Is boxed water really better?

Is boxed water really better? Well, no.

It is not a social good to be selling water in industrialized countries that have access to clean drinking water. If you don’t enjoy the water you can use lots of different filters.

We’re focussing on the wrong problem and we’re fixing the thing that’s easier – rather than addressing the root causes like trust, convenience, capitalism, poverty & inequity. Look at the system. Ask why more.

Paper is far more effectively recycled than plastic but the environmental footprint of paper is pretty similar. Paper generally uses more energy to produce, can use more water, causes more pollution during production, clears more land (depending on the foresty involved) and is often energy intensive in recycling. The difference is at end of life it doesn’t clog our river ways and kill animals. Recycling for plastic is really downcycling – it degrades each cycle and has a limit of 2-7 times. It takes 3-6x more water to create a plastic bottle than the water that’s in it.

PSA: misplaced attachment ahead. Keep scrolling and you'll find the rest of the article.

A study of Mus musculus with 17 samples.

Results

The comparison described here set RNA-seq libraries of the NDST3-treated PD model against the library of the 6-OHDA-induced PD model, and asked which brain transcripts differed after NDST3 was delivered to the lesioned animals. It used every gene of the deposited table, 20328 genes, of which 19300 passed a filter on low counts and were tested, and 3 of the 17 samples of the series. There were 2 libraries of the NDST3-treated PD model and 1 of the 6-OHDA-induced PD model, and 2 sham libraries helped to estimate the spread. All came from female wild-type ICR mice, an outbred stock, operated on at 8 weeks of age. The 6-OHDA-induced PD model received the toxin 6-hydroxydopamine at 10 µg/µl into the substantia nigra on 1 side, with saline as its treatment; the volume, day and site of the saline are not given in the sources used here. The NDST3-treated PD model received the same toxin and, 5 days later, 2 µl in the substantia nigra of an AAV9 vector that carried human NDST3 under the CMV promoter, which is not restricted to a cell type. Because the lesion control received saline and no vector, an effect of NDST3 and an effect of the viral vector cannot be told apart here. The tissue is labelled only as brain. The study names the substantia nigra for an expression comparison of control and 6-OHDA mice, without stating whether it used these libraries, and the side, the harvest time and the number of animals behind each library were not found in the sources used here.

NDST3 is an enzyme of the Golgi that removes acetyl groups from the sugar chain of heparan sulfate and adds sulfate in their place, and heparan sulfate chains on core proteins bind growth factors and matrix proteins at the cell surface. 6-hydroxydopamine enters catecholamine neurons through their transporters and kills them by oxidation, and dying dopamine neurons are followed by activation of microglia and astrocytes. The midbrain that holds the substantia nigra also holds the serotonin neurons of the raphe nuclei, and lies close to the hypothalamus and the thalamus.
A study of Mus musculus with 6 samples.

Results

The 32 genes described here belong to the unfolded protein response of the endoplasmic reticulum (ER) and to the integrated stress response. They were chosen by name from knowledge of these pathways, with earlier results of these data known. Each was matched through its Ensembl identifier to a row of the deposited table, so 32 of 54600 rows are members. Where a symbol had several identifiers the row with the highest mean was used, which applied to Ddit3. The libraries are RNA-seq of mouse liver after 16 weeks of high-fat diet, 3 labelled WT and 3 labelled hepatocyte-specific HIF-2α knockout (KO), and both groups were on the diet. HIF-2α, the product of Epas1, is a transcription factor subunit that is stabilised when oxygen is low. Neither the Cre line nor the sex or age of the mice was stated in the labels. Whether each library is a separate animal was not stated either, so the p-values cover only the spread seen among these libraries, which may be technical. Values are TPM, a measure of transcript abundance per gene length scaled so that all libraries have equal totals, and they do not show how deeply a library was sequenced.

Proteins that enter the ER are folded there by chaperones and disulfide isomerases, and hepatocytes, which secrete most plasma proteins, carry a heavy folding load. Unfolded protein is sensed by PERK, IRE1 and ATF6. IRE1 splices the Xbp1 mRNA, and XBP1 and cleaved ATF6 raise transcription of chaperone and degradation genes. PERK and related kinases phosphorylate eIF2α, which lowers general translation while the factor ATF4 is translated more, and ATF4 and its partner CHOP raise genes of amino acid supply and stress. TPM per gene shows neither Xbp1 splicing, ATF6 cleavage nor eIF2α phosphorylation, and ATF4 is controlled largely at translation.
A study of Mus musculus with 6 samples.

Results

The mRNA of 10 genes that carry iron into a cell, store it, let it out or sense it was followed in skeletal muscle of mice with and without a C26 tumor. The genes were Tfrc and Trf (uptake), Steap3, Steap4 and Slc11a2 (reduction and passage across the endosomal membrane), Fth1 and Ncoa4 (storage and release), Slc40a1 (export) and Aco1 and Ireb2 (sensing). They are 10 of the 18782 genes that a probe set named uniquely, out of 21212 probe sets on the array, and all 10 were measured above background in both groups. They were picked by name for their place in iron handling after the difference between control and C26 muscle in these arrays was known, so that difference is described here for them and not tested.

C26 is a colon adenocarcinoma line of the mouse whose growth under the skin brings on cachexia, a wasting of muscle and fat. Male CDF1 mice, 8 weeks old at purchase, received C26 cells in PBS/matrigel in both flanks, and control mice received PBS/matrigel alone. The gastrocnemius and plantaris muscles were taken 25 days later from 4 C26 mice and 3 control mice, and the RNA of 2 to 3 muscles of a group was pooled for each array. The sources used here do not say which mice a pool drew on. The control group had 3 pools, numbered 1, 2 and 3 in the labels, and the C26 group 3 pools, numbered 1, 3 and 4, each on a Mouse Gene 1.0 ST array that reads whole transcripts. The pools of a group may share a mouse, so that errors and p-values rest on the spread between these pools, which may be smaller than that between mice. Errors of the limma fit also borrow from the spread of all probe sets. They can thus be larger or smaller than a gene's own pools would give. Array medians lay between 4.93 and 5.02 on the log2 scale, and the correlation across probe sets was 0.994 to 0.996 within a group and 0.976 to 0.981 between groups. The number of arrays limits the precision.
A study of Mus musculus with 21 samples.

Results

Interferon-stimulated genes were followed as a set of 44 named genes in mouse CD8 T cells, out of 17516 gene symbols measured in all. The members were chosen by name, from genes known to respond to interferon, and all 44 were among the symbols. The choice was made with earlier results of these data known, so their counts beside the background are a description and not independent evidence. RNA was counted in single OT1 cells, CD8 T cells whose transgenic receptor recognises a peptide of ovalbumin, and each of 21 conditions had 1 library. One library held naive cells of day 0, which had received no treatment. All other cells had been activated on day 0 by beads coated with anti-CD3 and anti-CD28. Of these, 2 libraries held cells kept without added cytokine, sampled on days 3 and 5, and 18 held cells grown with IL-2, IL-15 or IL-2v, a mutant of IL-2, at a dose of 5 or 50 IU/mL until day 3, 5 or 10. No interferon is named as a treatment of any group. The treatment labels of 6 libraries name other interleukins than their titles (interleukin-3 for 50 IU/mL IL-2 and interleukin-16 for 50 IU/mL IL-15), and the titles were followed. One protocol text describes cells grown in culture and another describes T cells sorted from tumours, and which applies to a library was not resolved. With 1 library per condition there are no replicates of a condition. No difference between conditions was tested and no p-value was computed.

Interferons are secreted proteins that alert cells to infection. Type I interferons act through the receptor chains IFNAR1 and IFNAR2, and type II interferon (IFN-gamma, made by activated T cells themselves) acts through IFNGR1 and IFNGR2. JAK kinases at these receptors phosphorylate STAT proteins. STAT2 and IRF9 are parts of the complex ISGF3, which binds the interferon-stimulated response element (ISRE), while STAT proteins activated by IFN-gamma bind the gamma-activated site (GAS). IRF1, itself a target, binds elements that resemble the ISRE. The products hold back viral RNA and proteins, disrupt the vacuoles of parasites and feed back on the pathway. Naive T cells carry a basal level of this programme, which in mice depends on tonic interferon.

So we’re clear, boxed water isn’t all paper. For example this brand is 74% paper (not from recycled paper), 20% plastic (barrier + keep shape) and 6% aluminium (barrier + flavor protection). There’s also a plastic cap.

For places that don’t have clean drinking water – from lower-income countries to communities that have been poisoned like Flint, Michigan – they require a solution no matter what it is. Where we work in Cambodia there is no running water. What there is from nature is often not filterable as heavy toxins run into it. Filters also require time or maintenance. We’re also often in drought now. In our studio we pay for plastic silos to be reused and refilled. This can happen 7-12x and then they’re (mostly) burned.

We need to ensure EVERYONE has access to clean water. If you have access to this, cut out any single-use. Ensure your town has fountains everywhere. For everyone else we pressure governments to provide it, we stop companies from extracting local water, we push for recycling facilities in areas that rely on bottled & we invest as many resources as possible on clean water. We use our skills for that… not starting more bottled businesses.